This week on HDIPT, a question from Kara about turning hourly rates into a flat monthly pricing:

The client is looking for a flat-rate fee per month rather than an hourly charge to add listings to their real estate website. There’s some variability — spring and fall are the big real estate markets in their area. Some weeks — and months — have more demands. The client says it tends to even out over time.

Setting Up Client Retainers

It sounds like the client wants a retainer, which does provide stability and predictability for both client and contractor. I don’t love the variability of the workload even if it does even out as the client claims. Having worked on the administrative side of real estate, I know that spring was absolutely bonkers but in that particular market the only truly slow time was around the December holidays. If you go the retainer route, I would:

  1. put a hard cap on the number of hours available per month
  2. stipulate that those hours are use ‘em or lose ‘em, or allow at most a month’s rollover, to prevent getting dumped on with 75 hours of work in a month
  3. require payment at the top of the month before you start work (because they’re paying you to keep that time available, not for what they use)

Retainers are not my favorite thing even though they do ensure a consistent income stream. In my experience, retainer clients sometimes start coming up with busywork (like HOURLONG PHONE CALLS) to “get the most” out of the time they’ve paid for. Retainers can certainly be workable, just make sure you set boundaries on the time and scope of your work. (I worked for a realtor who had me at her house addressing Christmas cards because she was recovering from surgery and couldn’t come into the office. Prooooobably beyond my job description, but I was 25, what did I know?)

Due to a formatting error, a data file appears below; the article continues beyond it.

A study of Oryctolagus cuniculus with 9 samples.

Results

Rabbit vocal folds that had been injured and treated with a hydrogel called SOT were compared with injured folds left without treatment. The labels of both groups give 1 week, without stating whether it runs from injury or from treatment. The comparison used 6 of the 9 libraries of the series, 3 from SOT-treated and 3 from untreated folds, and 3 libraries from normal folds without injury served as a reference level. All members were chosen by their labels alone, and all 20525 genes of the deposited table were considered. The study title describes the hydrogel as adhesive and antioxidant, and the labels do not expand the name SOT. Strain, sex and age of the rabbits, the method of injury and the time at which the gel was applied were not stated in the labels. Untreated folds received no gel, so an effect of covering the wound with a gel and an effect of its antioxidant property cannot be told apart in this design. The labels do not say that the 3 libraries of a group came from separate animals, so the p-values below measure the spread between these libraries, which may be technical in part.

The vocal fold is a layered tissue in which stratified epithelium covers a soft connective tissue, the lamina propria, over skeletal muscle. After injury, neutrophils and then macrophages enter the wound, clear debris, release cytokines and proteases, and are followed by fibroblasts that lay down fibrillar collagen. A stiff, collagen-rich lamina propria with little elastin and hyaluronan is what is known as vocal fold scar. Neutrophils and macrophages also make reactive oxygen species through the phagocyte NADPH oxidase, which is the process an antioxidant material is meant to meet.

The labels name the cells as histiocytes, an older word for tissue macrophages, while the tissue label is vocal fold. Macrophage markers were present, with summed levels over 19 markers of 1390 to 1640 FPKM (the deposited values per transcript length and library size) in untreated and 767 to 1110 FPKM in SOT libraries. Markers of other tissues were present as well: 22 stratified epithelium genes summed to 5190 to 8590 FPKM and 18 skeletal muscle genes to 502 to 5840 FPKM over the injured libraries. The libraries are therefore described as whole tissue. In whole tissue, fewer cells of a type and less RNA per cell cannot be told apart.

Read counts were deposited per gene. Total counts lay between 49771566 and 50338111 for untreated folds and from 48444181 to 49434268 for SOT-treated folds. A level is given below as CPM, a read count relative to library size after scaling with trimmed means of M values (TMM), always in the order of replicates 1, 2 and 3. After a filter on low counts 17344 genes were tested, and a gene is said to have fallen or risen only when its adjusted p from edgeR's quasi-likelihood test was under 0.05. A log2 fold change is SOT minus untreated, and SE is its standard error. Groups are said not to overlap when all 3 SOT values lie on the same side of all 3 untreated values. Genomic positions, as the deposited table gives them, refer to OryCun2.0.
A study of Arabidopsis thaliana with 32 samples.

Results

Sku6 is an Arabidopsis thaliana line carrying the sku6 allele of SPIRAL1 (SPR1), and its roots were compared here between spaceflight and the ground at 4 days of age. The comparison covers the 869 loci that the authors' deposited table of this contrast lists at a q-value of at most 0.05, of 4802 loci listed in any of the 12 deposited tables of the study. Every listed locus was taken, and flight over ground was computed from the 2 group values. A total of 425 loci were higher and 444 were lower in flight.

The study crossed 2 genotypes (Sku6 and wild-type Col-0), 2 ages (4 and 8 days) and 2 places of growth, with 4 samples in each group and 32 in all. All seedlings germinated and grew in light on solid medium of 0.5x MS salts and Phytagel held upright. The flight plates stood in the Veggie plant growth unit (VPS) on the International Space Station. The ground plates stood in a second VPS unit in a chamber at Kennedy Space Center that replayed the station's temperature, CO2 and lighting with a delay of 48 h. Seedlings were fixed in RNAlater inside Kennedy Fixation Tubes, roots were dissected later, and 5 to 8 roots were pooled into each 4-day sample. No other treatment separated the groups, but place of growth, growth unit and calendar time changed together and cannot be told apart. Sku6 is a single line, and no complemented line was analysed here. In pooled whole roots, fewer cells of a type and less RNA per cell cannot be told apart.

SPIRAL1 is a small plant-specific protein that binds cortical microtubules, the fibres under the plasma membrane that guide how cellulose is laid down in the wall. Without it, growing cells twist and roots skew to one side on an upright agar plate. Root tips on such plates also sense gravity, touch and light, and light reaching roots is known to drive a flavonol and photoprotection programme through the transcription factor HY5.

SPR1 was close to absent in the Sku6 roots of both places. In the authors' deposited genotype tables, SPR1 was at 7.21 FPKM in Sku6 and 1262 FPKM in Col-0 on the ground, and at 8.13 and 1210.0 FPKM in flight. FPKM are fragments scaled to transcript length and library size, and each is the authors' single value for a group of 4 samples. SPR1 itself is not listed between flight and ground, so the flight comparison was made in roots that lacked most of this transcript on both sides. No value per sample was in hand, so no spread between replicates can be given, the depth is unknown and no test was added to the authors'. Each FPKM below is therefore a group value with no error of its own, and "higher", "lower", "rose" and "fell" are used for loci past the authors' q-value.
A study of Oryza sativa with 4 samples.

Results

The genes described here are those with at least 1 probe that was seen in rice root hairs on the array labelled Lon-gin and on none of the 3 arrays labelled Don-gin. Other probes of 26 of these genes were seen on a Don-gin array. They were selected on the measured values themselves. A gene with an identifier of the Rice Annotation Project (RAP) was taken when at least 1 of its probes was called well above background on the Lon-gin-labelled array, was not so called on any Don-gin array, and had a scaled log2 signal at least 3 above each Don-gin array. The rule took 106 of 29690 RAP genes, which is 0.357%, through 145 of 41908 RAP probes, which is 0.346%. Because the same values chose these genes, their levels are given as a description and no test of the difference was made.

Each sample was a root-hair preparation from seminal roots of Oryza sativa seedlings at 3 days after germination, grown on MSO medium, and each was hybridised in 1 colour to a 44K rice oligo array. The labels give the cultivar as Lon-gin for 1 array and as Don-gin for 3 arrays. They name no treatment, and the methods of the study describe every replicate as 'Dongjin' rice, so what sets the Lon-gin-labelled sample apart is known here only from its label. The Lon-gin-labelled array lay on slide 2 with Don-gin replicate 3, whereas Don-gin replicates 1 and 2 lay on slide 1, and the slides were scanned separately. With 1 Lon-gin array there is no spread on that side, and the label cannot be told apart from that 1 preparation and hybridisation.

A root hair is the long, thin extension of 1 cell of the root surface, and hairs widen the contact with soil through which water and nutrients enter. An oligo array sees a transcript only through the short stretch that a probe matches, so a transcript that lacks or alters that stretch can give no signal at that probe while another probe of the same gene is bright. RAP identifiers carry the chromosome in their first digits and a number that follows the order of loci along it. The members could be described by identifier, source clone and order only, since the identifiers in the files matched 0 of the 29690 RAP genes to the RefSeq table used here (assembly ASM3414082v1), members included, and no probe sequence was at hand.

Value-Based Pricing for Data Entry

Charge according to the value you provide. Click To Tweet

I tend to say charge according to the value you provide. In this case, the valuable thing you’re doing is putting their listings up so they can sell them. I would suggest charging a per-listing fee, based on an estimate of how long it takes you to do and your baseline hourly rate. Round up your time and add on at least 25% to cover taxes and overhead. 

I might also argue for a sliding scale again (like I did in this copywriting pricing scenario) because in real estate, the realtor makes more commission from more expensive listings. There’s probably less of a case for charging more to enter a more expensive listing because there isn’t a whole lot more work involved, unlike writing a description for a pricier house where you might have to work harder to sell the benefits and features. But it still might be worth thinking about. 

Let me know what you end up doing!

Auntie JDF

Got your own pricing questions?

Leave a comment below or send me a message through my contact page.